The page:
Packing on Muscle: More Frequent Small Protein Doses or Bigger Serving Less Often
by: Robbie Durand
Whey protein is popular among athletes, bodybuilders, fitness models, as well as people looking to improve their performance in the gym. Whey protein contains an incredible range of essential amino acids, which are absorbed quickly which make it superior to other proteins. Whey protein is the highest source of leucine in any protein powder which is the primary stimulus for increased muscle protein synthesis. Numerous studies show that whey protein can help you increase strength, gain muscle and lose significant amounts of body fat. Not only is whey protein needed for optimal increases in lean muscle, but whey protein is also one of the healthiest proteins you can consume due to its high glutathione levels. Glutathione is a potent antioxidant for those that don’t know. The newest research on protein is fascinating because you don’t need a whole lot to get the maximal benefits.
It’s been reported that 30-40 grams of whey protein stimulates maximal protein synthesis and adding more protein did not further stimulate protein synthesis. In middle-aged and older adult’s higher protein intakes in the range of ~30 to 40 grams of protein appear to be necessary to maximize the response. Although some studies have found that lower amounts of protein are needed for maximal protein synthesis, these studies used only whey protein. The co-ingestion of substantial amounts of other nutrients such as fat, carbohydrate, and fiber with the protein may affect rates of digestion and affect the rate of protein synthesis. An important consideration to remember about protein ingestion is that there is no capacity for storage of diet-derived amino acids beyond their almost immediate use in protein processes.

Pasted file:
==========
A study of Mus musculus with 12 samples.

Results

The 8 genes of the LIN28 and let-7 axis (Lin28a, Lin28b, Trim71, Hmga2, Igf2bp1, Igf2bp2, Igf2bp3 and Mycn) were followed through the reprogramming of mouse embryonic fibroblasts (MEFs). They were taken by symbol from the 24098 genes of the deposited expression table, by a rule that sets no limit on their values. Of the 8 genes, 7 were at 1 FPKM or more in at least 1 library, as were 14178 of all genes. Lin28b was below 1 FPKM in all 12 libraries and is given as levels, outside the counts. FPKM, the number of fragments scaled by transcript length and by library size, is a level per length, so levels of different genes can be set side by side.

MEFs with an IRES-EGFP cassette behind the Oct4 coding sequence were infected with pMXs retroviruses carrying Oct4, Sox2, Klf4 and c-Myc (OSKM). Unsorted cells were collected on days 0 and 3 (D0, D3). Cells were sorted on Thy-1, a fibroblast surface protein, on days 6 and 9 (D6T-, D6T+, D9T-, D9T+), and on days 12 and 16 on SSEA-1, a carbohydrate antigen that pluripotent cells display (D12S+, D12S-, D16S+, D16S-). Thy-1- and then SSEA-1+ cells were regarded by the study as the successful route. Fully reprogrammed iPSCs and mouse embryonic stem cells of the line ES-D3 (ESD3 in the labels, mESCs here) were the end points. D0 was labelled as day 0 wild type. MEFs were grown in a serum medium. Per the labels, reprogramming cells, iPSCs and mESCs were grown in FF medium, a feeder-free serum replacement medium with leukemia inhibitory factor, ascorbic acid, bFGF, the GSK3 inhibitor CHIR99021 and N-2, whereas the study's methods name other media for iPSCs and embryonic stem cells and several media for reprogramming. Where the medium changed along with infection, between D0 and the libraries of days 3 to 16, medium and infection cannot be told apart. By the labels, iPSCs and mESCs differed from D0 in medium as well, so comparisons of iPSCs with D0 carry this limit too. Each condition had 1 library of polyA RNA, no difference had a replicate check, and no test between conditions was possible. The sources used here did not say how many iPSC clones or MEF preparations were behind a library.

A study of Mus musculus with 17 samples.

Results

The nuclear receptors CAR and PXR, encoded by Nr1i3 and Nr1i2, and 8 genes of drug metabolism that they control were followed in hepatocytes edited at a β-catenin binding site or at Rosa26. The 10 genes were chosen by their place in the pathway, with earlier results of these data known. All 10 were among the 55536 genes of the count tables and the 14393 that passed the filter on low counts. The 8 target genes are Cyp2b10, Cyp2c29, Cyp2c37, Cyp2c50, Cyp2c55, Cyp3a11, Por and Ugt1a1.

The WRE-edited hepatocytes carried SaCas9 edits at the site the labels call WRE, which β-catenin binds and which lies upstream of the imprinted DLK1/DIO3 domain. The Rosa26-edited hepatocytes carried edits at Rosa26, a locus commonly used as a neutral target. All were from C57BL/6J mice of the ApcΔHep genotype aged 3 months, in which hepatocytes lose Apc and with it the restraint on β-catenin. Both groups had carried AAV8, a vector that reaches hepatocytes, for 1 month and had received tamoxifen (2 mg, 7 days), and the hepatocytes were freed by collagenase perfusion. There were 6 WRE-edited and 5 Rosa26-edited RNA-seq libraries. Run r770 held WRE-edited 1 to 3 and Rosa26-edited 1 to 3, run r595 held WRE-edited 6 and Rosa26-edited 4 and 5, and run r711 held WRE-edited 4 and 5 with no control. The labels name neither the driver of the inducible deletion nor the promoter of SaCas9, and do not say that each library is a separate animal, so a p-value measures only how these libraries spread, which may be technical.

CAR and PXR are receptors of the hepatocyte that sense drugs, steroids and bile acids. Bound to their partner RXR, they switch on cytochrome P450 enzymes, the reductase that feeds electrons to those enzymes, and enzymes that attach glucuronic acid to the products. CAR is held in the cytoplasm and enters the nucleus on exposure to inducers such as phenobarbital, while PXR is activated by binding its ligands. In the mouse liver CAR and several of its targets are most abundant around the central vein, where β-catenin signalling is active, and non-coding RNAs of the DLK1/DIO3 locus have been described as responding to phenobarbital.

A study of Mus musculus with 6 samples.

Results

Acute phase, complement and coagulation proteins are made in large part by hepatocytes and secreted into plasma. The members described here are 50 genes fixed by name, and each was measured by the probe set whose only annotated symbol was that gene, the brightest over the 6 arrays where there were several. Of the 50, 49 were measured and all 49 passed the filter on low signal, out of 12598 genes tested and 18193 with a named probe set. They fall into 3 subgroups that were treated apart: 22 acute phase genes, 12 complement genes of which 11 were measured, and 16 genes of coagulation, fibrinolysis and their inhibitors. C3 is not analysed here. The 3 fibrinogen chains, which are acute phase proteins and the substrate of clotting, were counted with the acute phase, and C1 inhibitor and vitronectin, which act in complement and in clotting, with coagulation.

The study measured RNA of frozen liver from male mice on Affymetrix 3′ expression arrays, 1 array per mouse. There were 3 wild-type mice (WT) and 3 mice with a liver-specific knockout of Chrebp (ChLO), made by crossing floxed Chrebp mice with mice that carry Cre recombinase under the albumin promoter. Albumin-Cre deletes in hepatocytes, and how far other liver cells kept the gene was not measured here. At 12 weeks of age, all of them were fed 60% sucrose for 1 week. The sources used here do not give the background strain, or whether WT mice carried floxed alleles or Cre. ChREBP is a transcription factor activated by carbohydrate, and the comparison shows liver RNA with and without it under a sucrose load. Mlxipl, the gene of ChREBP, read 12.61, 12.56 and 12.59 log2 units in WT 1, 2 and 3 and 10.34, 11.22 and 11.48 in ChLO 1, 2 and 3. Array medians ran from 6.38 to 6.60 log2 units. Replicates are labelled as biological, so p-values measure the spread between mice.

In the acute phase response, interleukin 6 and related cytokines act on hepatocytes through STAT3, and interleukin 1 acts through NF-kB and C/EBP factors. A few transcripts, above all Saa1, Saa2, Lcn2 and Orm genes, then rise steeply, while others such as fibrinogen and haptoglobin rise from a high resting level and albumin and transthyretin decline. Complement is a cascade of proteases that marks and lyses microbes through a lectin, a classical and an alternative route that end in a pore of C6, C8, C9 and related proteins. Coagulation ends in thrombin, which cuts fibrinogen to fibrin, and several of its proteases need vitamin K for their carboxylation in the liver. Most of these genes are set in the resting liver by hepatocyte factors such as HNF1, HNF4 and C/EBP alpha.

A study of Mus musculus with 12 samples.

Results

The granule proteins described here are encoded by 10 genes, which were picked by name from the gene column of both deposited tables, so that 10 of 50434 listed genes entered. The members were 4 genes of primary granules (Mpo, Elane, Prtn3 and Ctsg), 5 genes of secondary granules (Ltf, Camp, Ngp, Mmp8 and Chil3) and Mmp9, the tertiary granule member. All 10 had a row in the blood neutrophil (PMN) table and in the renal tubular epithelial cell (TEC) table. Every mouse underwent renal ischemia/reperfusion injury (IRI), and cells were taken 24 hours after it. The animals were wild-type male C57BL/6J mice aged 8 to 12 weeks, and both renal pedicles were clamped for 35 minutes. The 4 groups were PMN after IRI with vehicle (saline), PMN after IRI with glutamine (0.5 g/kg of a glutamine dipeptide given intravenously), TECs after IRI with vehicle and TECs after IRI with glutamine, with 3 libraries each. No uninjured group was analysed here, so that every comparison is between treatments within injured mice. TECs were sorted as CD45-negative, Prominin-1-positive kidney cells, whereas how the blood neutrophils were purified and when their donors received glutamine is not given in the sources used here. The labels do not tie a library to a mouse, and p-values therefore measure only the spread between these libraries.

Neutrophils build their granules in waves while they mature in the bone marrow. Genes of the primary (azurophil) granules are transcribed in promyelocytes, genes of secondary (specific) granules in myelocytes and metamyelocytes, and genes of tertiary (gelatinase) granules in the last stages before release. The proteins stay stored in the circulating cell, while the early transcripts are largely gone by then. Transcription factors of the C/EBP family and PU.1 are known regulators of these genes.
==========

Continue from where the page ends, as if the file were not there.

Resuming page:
Researchers wanted to examine what influence frequent doses of protein on muscle mass. It has been hypothesized that for older adults evenly distributing consumption of protein at 30-40 g per meal throughout the day may result in more favorable retention of lean mass and muscular strength. To examine whether the number of times an individual consumed a minimum of 30 g of protein at a meal is associated with leg lean mass and knee extensor strength.
Data from the 1999-2002 NHANES were used, with 1081 adults (50-85 y) constituting the analytic sample. The researchers found that more frequent consumption of meals containing between 30 and 45 g protein/meal produced the greatest association with leg lean mass and strength. The researcher commented in the study, “Thus, the consumption of 1-2 daily meals with protein content from 30 to 45 g may be an important strategy for increasing and maintaining lean body mass and muscle strength with aging.”
Key Point: This study that small frequent meals with 30-45 grams of protein was associated with increased muscle mass in older adults.